UAE’s property market ‘showing signs of stabilising’
UAE property prices are showing some signs of stabilising after experiencing a big boost over the last two years, particularly in Dubai, according to a global credit rating agency.
Standard & Poor’s Financial Services (S&P) does not foresee a massive drop in prices in the short-term, which is good news for banks across the country as they have large loan exposures throughout the real estate sector.
Tommy Trask, director of Corporate Ratings at the firm, said: “The residential sector real estate prices are near the 2008 peak with fewer empty units in the market. With strong economic growth and population growth supporting the sector, the recovery looks healthy.”
According to S&P, the direction of future property prices rests on the level and pace of new supply entering the market. This is a significant factor for Dubai and less so in Abu Dhabi.
Mohammad Damak, a credit analyst at the firm, commented: “Excluding unforeseen shocks, S&P’s Ratings Services believes a big drop in prices is unlikely in the short term, and that’s good news for the country’s banks, which have large loan exposures to the real estate sector.”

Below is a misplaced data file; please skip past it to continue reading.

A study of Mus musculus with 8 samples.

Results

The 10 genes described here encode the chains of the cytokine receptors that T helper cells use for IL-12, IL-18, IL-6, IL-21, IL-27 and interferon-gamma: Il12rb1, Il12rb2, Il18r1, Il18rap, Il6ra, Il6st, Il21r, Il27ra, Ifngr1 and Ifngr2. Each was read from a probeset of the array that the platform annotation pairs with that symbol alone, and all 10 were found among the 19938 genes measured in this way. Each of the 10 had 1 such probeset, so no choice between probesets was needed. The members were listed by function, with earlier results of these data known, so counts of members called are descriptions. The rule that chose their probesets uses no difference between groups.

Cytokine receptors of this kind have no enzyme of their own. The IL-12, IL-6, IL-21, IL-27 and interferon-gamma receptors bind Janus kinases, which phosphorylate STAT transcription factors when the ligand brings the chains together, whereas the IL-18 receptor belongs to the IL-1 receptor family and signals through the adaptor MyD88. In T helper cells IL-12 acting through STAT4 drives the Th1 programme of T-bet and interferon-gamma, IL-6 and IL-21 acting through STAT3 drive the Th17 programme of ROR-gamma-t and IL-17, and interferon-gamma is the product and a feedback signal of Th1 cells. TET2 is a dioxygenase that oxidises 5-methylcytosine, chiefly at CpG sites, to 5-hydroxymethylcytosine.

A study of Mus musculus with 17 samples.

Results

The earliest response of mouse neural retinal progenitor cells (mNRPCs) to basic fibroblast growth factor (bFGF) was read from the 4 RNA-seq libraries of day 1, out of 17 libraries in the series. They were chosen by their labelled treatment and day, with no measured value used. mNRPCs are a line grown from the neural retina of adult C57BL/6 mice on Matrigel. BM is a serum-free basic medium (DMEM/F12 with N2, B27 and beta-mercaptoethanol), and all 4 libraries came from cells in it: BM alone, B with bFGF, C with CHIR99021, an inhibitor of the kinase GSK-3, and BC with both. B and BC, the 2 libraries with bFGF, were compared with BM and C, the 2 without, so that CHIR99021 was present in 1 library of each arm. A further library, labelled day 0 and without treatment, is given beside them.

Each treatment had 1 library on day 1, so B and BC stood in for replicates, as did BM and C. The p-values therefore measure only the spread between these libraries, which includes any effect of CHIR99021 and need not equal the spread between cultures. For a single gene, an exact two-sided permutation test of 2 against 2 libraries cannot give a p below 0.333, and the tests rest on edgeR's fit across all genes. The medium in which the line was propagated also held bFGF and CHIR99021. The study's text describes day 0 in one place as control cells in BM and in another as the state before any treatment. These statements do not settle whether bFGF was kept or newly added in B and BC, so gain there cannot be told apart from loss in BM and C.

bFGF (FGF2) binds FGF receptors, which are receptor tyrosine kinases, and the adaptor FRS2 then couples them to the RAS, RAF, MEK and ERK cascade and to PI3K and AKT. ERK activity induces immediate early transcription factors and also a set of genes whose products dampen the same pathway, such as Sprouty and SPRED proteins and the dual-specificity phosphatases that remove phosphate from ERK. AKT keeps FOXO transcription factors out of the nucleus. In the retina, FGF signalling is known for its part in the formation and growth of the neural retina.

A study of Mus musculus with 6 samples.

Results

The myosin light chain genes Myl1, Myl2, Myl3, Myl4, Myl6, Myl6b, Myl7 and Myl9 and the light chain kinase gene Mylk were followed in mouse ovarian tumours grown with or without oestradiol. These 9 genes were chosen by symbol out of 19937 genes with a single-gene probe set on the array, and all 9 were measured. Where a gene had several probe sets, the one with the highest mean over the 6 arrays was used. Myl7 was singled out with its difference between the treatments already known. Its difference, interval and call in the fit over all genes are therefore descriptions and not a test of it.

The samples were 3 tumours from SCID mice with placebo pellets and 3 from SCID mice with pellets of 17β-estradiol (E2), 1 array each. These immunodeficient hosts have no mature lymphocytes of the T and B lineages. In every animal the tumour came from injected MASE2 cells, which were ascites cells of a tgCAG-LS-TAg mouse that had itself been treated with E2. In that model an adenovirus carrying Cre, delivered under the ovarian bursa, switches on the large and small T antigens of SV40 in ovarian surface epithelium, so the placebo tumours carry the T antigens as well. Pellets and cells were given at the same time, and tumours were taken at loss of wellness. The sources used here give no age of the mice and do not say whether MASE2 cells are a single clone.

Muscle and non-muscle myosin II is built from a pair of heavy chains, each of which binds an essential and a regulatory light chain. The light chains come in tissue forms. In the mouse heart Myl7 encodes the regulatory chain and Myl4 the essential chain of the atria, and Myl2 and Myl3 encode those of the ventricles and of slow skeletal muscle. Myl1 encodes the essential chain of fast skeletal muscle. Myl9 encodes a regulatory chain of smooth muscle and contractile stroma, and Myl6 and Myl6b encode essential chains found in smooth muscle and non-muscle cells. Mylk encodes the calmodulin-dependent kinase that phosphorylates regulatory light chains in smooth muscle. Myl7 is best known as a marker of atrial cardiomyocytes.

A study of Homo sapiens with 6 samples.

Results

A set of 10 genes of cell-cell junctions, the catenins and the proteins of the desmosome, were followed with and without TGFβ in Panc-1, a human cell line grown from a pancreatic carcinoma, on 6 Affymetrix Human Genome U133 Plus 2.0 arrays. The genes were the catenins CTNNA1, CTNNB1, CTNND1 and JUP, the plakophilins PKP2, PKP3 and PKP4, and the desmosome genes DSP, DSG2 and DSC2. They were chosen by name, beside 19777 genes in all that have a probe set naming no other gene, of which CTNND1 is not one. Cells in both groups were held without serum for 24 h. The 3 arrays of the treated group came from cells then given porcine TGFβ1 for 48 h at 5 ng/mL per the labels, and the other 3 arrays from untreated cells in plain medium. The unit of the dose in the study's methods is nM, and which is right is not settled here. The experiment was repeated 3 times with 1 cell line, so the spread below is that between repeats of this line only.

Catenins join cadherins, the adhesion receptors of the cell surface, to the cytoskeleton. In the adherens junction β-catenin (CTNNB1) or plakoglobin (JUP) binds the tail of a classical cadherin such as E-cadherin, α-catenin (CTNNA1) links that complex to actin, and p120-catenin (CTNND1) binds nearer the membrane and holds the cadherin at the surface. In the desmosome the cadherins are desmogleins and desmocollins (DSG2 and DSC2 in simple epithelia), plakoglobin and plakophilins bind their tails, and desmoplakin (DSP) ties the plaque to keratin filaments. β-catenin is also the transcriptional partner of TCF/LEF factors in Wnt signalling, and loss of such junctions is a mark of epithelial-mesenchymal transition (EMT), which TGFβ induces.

The company notes that the real estate sector is enjoying a period of good economic growth in the UAE, and with a forecasted growth of 3.8 per cent in 2014/15, S&P believes it is likely to remain healthy.
Compared to other Middle-Eastern countries, the UAE is stable, offering low interest rates that are attracting external demand for real estate, particularly in Dubai.
S&P believes the future is bright for the country, as it will see Dubai hosting the World Expo in 2020, which will more than likely boost the emirate’s investment in infrastructure, construction, job creation and the demand for real estate.
Mr Trask concluded: “During the last real estate cycle, we understand that a significant portion of foreign investors exited the market entirely, accentuating the nosedive in prices. Generally speaking, nationals arguably have a greater long-term incentive to hold their investments, while foreigners might have a greater incentive to sell and leave the country.”